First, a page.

November 24, 2010 at 9:48 a.m.
In one of my articles this past summer I wrote that the Chisago County Master Gardeners have received several calls about the number of trees that were dying, for no apparent reason. At our November meeting we invited Dave Hanson from the U of M to speak on the Emerald Ash Borer. After the class I asked Dr. Hanson about the concern over dying trees. He reminded me that Minnesota summers have been very dry over the past five years and that was especially true for our area.
Several years ago we had a fall such as this where the warm weather extended well into December. Over night it turned bitterly cold, so cold that the sap from the young trees was still up in the trees and froze. The following spring when the weather warmed up the bark cracked and many trees died. I for one lost several young apple and maple trees.
One of the Master Gardeners received a call about elderberry bushes budding out in this warm weather. I am pruning my Heritage raspberry canes back to ground level and I noticed the same budding. I think we all have the same concern when sudden cold comes and how plants will survive the winter.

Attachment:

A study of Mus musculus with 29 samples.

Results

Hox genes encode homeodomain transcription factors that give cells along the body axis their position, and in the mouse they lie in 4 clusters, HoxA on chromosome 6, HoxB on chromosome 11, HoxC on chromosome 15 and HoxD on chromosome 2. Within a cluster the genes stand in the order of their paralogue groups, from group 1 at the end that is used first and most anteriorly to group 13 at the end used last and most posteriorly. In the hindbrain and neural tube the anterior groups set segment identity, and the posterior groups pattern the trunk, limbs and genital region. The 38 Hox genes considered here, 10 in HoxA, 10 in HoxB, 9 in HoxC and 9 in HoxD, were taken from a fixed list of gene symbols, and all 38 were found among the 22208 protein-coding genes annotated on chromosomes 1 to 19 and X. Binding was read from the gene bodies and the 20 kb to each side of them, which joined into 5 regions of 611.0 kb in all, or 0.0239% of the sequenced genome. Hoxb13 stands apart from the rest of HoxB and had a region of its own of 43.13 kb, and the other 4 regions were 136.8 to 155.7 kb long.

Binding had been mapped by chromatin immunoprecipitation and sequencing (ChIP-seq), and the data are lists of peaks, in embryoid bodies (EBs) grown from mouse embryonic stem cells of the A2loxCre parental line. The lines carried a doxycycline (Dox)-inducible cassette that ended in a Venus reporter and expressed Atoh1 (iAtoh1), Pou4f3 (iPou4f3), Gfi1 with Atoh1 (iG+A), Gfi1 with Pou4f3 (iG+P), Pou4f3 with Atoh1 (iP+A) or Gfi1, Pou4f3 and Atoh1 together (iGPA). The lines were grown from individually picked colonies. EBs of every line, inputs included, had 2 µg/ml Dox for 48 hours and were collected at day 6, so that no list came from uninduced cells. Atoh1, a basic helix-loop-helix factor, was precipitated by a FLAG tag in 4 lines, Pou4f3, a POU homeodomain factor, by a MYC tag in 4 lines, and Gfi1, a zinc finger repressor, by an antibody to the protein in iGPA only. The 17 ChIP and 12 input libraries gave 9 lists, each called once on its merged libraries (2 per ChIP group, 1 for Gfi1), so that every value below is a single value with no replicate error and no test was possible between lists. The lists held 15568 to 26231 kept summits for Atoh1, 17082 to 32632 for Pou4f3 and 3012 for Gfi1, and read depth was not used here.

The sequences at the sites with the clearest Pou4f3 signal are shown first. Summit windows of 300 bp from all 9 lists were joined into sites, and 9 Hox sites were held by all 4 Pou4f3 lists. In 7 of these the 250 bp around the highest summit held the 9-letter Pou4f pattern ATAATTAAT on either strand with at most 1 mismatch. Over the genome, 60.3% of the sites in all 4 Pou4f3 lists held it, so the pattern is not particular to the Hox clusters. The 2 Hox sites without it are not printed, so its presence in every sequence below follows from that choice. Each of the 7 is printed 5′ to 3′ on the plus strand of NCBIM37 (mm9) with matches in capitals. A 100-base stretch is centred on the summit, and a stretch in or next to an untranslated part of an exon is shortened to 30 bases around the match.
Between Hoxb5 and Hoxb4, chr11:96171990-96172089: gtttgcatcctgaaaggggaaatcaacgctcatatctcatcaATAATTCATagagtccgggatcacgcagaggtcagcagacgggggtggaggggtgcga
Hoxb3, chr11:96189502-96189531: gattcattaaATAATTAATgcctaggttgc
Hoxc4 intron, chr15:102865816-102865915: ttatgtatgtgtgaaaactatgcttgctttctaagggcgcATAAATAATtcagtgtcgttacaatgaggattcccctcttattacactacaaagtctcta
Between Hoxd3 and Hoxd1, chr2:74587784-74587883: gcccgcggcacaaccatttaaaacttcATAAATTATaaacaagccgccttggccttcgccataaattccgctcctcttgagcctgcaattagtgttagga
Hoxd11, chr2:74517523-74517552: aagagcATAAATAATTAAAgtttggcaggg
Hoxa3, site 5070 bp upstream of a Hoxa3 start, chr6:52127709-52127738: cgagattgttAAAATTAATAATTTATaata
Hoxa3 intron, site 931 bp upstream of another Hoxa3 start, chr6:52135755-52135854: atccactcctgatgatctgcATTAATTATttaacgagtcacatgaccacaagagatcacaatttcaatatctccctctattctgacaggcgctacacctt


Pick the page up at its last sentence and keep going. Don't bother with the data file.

I thought I would never see the day when a box elder tree died on its own, but it happened to us this past summer. I noticed it dying from the top and then I saw that it was rotting in a knot in the center of the tree. I also saw several sucker branches growing from the base of the trunk. I asked Dr. Hanson about the growth and he stated that is a sure sign the tree is dying. Apparently it's the last gasp effort for the tree to get energy up the tree.
During the growing seasons we can't keep current with all the topics that should be covered and although the topics will surely be different, we will continue to write. I am quite humbled with all the positive comments I receive on our articles. However, I assure you that it is a combined effort. Donna Tatting writes some articles, sends mine to the papers, and supplies me with ideas and information. Sue Humble our coordinator gathers the research for many of my articles, and other Master Gardeners write articles and offer suggestions. Last but not least are the local papers that make space for our articles.